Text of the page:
Dealing with Child Protective Services – Part I

Most parents spend their lifetime supporting their children, protecting their children from harm and helping their children become successful, productive human beings. When a parent is accused by Child Protective Services (hereinafter referred to as “CPS”) of abuse or neglect it could create a conundrum for the parents. CPS’ job is to investigate allegations made anonymously concerning issues involving child neglect and child abuse. When a parent hears from CPS, the normal reaction for the parent being investigated is to be upset, angry and scared.

Child Protective Services’ Investigations

When a Child Protective Services worker comes to your home, he or she is looking for signs of child abuse or child neglect. They are interested in finding out whether a child or children have been either physically or emotionally abused. Their job is to find evidence of abuse or neglect. Their job is not to seek out information to clear you with regard to the allegations that have been made against you. When a Child Protective Services worker comes to your home, if he or she finds that your home is unsafe or inappropriate for raising children, the worker can go to court and obtain a court order to remove your children to a safe foster care family. The worker may also make recommendations to you with regard to steps to be taken to make your home safer and more appropriate for raising children.

Should You Cooperate With Child Protective Services’ Investigators?

When the CPS investigator comes to your house, the first thing you should do is get his or her name, their phone number, email address, and the name and address of the agency they are working from. The question then becomes should you allow them into your home? Should you allow them to speak to your children privately? The answer to these questions depends on the circumstances and allegations made against you. In addition, it depends on what the Child Protective Services worker will find in your home. It is strongly suggested, when allegations of child abuse or neglect are made against you, that you consult with an attorney and discuss whether you should give admittance to your home to the Child Protective Services worker and/or allow them to talk to your children.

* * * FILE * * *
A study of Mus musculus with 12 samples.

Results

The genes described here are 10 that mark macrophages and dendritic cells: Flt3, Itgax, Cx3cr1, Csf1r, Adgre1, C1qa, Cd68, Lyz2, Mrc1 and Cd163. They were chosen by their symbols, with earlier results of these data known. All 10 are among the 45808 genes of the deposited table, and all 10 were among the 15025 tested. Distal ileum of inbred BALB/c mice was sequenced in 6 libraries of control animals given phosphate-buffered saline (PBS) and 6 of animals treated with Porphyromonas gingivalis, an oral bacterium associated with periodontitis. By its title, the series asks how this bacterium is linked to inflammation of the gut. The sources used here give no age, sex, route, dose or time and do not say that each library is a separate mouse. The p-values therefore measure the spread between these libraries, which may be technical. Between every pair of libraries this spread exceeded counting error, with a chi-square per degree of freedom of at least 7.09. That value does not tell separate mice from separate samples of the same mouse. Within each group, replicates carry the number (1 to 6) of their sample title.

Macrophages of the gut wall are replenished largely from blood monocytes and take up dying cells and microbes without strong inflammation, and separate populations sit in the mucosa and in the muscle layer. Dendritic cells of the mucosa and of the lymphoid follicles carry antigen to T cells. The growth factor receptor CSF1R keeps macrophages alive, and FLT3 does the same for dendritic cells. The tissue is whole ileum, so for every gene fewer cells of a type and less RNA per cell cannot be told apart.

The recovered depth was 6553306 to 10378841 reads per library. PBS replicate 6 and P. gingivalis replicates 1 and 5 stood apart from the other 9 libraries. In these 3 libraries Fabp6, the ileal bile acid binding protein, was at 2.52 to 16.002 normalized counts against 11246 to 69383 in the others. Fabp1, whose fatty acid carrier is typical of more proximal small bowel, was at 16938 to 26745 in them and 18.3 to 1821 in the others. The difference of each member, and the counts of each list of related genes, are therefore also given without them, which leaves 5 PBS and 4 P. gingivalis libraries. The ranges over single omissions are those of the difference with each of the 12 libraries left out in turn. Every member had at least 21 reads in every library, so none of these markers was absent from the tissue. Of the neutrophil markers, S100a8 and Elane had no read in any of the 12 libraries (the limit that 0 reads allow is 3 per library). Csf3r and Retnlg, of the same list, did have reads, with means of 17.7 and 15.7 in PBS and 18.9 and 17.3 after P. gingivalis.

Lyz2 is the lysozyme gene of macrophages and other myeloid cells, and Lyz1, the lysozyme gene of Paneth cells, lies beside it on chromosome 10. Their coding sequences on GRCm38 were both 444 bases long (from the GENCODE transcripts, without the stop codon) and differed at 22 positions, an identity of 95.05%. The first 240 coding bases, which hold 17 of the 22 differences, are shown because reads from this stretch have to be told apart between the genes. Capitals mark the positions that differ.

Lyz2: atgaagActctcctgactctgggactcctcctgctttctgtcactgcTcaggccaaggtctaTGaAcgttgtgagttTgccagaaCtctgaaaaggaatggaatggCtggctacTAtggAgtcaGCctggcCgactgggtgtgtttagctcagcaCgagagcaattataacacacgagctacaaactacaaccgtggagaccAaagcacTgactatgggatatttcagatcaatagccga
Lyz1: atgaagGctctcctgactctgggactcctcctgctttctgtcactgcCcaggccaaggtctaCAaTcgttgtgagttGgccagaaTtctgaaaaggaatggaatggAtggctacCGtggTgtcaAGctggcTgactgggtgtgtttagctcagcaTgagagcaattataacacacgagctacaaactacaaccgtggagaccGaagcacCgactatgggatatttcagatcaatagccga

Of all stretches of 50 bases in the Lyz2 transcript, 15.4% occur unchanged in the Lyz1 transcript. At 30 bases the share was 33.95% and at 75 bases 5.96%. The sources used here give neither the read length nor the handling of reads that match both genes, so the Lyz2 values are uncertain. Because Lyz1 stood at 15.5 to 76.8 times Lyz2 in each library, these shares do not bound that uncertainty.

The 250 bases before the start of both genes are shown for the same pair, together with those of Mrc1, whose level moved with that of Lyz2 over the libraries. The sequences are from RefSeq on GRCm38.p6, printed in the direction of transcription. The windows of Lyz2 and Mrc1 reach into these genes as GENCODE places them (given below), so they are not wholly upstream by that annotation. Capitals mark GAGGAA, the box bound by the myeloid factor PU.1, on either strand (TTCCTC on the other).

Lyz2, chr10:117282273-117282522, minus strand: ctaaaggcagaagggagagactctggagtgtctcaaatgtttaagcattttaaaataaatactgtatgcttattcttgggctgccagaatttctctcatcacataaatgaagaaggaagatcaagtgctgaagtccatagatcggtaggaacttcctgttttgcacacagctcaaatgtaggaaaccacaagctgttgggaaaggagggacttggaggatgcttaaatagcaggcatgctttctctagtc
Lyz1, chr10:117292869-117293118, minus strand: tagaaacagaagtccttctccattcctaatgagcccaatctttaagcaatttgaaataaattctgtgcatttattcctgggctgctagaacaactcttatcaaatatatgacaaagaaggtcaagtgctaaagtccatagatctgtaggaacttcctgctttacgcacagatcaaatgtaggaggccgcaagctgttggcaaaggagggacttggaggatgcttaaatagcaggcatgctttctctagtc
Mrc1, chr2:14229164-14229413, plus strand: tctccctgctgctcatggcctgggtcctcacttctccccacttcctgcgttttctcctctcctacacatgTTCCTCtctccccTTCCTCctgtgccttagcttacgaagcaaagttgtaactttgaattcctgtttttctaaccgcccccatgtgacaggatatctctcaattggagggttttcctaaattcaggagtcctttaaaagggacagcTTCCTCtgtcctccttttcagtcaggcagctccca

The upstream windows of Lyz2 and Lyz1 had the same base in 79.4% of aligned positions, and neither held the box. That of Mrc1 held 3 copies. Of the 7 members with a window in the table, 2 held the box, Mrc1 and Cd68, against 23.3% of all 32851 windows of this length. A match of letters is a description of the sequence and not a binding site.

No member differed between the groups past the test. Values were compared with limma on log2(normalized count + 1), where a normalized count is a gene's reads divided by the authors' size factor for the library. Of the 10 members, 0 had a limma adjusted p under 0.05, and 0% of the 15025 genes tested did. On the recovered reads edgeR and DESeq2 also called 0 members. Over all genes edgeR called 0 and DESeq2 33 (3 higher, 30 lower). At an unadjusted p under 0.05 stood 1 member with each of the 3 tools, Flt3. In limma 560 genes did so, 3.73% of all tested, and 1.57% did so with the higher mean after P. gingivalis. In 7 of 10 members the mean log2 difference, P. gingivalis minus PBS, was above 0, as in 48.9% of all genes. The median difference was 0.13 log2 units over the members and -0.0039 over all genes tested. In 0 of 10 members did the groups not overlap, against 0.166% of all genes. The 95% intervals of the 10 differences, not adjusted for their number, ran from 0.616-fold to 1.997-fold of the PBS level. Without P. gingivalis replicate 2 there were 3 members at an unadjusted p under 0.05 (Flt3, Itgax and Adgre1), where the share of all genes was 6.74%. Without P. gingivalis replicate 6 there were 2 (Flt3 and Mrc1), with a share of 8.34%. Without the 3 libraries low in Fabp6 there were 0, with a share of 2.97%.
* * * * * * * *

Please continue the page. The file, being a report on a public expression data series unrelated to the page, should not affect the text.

Be Polite

Under all circumstances, it is important that you act polite and appropriate and not hostile when dealing with the Child Protective Services worker. Should you decide not to let them meet with your children or speak with them, politely tell them that you will be happy to talk with them in the future after you have consulted with an attorney.father's rights advocate on long island

About Elliot S. Schlissel

Elliot S. Schlissel, Esq. has spent more that 45 years representing individuals in matrimonial and family law cases.